Future evaluations of New York high school principals might incorporate student scores on SAT subject tests and Advanced Placement exams, state officials told local education leaders this week.

According to a memo sent Tuesday to superintendents, districts will soon be required to send scores from a host of tests, including AP exams, SAT subject tests, International Baccalaureate tests, and career and technical exams, to the state. The education department will then use those results to “model” how those tests could be used to evaluate educators. It is unclear whether the state is also considering using those tests to evaluate teachers.

The memo cautions that officials are only considering those changes. But expanding the use of SAT and AP scores would be in keeping with a national trend, as a number of states switch from using traditional tests to those college-prep exams for judging high school quality. It would also be another shift in how New York educators are evaluated — something that has been at the center of more than three years of continuous debate in Albany and in classrooms across the state.

The possible changes would “recognize efforts to encourage student participation and success in college preparation courses,” the memo, written by Ira Schwartz, New York’s assistant state education commissioner, says.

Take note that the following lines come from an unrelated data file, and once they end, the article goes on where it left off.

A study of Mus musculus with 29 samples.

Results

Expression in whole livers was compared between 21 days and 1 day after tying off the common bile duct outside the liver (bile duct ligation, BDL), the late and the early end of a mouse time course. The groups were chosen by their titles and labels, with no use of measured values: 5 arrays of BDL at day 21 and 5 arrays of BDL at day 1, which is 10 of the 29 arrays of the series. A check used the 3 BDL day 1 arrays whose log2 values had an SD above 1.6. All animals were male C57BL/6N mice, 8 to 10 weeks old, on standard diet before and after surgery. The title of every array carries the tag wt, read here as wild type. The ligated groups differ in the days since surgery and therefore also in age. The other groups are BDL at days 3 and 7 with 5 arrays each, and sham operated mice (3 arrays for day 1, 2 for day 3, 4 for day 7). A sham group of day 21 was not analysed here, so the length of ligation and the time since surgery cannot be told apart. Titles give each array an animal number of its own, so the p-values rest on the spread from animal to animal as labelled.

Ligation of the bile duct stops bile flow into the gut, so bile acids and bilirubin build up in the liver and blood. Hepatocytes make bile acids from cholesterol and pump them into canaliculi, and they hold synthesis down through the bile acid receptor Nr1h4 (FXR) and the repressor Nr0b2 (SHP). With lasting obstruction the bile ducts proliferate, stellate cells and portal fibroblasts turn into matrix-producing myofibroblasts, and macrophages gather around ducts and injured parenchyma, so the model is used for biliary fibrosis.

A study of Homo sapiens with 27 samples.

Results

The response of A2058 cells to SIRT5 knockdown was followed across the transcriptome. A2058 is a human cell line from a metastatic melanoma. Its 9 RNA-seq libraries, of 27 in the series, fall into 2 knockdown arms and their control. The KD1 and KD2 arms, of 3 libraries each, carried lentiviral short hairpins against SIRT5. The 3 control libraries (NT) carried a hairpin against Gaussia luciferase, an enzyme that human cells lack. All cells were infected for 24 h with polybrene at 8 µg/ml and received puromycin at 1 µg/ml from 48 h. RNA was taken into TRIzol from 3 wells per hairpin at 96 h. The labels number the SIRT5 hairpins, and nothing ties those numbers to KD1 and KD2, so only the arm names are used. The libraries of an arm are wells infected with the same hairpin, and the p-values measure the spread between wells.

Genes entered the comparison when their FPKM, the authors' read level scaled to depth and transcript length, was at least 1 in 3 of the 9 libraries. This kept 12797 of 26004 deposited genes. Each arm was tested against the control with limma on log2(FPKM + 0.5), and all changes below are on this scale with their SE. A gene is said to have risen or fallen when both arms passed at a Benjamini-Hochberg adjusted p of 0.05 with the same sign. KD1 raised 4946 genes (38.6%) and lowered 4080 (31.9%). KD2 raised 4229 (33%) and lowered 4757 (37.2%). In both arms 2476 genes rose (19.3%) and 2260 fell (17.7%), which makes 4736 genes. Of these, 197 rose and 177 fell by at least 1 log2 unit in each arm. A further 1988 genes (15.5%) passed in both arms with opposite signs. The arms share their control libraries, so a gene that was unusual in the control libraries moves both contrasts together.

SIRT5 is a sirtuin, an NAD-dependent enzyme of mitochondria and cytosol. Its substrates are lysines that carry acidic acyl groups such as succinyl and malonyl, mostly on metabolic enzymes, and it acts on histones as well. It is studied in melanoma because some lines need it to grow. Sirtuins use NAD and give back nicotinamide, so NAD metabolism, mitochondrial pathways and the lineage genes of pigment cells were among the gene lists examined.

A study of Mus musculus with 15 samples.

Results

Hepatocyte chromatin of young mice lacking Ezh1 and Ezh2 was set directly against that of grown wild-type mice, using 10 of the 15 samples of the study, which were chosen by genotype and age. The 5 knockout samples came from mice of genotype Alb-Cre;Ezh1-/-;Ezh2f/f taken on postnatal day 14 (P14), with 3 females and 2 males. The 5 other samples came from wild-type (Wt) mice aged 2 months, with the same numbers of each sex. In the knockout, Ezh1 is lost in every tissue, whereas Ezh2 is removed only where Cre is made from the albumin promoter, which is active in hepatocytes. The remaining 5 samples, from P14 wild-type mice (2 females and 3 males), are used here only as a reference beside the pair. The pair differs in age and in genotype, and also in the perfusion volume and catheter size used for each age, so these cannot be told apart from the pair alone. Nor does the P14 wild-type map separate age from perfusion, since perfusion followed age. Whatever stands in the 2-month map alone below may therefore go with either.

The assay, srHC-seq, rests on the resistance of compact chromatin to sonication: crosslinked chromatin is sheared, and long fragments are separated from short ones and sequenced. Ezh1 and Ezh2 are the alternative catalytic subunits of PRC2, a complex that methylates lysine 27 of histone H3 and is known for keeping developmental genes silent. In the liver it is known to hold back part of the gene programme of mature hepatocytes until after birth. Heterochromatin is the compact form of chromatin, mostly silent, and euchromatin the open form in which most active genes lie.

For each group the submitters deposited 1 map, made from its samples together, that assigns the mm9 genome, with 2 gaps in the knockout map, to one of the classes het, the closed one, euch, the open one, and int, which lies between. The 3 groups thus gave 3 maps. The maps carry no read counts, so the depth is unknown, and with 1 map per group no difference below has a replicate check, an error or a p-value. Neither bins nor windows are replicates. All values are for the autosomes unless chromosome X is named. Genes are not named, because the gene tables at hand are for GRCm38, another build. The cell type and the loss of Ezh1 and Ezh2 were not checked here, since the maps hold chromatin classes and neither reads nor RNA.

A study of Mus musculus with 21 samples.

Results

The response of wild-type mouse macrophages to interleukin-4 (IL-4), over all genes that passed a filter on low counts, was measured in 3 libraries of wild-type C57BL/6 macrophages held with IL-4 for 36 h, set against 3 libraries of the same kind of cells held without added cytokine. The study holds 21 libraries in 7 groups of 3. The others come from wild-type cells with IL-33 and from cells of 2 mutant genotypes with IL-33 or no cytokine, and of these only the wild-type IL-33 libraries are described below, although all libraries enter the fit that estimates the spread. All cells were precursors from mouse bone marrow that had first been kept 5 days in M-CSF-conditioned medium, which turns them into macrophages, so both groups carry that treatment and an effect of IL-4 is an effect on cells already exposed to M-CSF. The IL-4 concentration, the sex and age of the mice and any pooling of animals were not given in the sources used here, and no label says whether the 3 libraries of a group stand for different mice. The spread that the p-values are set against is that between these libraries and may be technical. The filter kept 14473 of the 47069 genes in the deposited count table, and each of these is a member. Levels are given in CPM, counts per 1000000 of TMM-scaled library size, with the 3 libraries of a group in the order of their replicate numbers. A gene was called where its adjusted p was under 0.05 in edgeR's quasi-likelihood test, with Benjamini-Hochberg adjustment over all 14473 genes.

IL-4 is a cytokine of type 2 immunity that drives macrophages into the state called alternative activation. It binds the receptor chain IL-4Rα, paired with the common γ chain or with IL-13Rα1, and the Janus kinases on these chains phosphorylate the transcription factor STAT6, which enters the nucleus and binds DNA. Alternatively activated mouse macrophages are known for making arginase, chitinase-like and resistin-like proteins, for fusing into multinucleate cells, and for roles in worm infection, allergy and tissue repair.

In a shift that could affect elementary and middle school teachers, the memo says state officials are also considering using three years of data to calculate a teacher’s growth score, the metric meant to isolate a teacher’s impact on student learning. That score makes up a portion of a teacher’s evaluation.

The current formula, based on one year of data, has been criticized for yearly fluctuations that teachers and their unions say could not possibly reflect changes in teacher quality. Last year, a Long Island teacher sued the state, claiming that a dramatic change in her score in one category showed that the system was volatile and arbitrary.

The memo indicates that the state believes the shift could solve that problem. “Research indicates that stability in growth results are greatly increased when growth models incorporate two or more years of data,” it says.

That doesn’t go far enough for some.

“All the beta-testing and tinkering in the world won’t change the fact that there is no valid use for growth models in measuring teacher effectiveness,” state teachers union spokesman Carl Korn said Wednesday.

None of the proposed changes involve the state’s math and English tests for grades 3-8, which have been at the heart of recent controversy about how teachers are rated. In December, the state’s education policymaking body suspended the use of those tests in teacher evaluations for the next four years.

The moratorium is meant to give the education department time to redo the evaluation system. This announcement, especially the references to SAT, AP, and other exams, offer early signs of how state officials will sort out that task and which new metrics they are exploring.

The memo also says that the state has reversed course on how to use this year’s Algebra Regents exam scores from eighth-grade students. Earlier this year, state officials told districts they would include the scores in teacher growth models.

This story has been updated throughout to clarify that is is unclear whether the alternative tests would apply to teachers in addition to principals.